Monday, July 28, 2008

Cinematic Superheroes; Rating the Greats, part 1

The financial success of the Spiderman, Fantastic Four, Hellboy, X-Men and Batman franchises in recent years ensures us that the foreseeable future will be inundated with further entries into the Super Hero genre. Actually, calling it "Super Hero" might not be exactly correct as from time to time we veer more into "Comic Book Hero" realm, a subtle yet sometimes important distinction. The Comic Book hero would include source material such as the oft-maligned and underrated Judge Dredd (1995) and the rumored Jonah Hex movie. If they stay true to the source material I will be there opening day for that one. However...if they go the route the scripts have been rumored to go...not so much. If I wanted to watch X-Files material I would watch the X-Files.

And therein we have one of the issues surrounding Comic Books as source material. The audience becomes a moving target even within the "fanboy"/nerd/geek paradigm. On the one hand, you have people like me...I know the general outline of even 2nd tier Heroes such as Darkhawk, the Green Arrow, Elongated Man, etc. and have a pretty good sense of the Superman pantheon of enemies, for example. Yet I have nowhere near the level of interest of people who, for example, recognized the name on the test tube in The Incredible Hulk (2008) as belonging to the guy who injected the Super Soldier serum into Steve Rogers (Captain America). On the other end of the spectrum are people who needed me to identify Steve Rogers as being the alias for the iconic Super Hero, to whom names like Zsasz or the Mad Hatter are unlikely to bring to mind Batman villains.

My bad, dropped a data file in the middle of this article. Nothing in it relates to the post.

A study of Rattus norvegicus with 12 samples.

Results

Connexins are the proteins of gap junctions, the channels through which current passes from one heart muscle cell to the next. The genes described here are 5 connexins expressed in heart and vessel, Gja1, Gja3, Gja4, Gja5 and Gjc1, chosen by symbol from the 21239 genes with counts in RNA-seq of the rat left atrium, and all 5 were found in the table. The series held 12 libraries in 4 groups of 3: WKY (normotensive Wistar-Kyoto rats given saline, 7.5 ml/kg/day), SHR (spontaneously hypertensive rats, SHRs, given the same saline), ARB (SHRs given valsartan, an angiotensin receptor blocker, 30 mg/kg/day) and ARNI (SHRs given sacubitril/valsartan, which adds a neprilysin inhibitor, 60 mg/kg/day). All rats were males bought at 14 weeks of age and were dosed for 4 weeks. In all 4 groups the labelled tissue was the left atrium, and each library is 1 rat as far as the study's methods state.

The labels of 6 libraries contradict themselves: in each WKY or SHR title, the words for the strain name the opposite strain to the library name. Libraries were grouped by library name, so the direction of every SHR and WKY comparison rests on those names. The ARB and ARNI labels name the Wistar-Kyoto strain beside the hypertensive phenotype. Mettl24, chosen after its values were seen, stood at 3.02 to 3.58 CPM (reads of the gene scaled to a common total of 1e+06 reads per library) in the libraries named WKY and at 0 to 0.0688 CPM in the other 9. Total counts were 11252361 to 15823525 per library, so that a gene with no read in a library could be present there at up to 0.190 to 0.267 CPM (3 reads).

That leaves open the question of whether or how much origin story to kick in when starting a new tent pole Hero. In Spiderman (2002) the answer was yes, we will give the relatively long form version. In Daredevil (2003) the combination of too much back story and Ben Affleck unfortunately sunk a potentially very entertaining franchise as fans turned away in droves from a movie that, in retrospect, was actually quite entertaining. In The Incredible Hulk (2008) they dispensed with the back story entirely and assumed the audience would quickly comprehend the potentially complex relationships between the 3 main characters.

There is, like so often in the movies, no "right" or "wrong" answer. The Fantastic Four (2005) was essentially nothing but origin...yet it was entertaining and paved the way for further movies. Iron Man (2008) was also quite heavy on the origin portion yet left fans clamoring for more. Why did these movies succeed while Daredevil, The Hulk, and, arguably, even The Punisher (2004) failed?

Over the next few days I will explore a variety of factors that help explain the success, failure, and entertainment value of various comic book and Super Hero movies. Along the way the factors that make these movies entertaining...or not...for many people who may not have ever encountered the material prior to seeing these movies.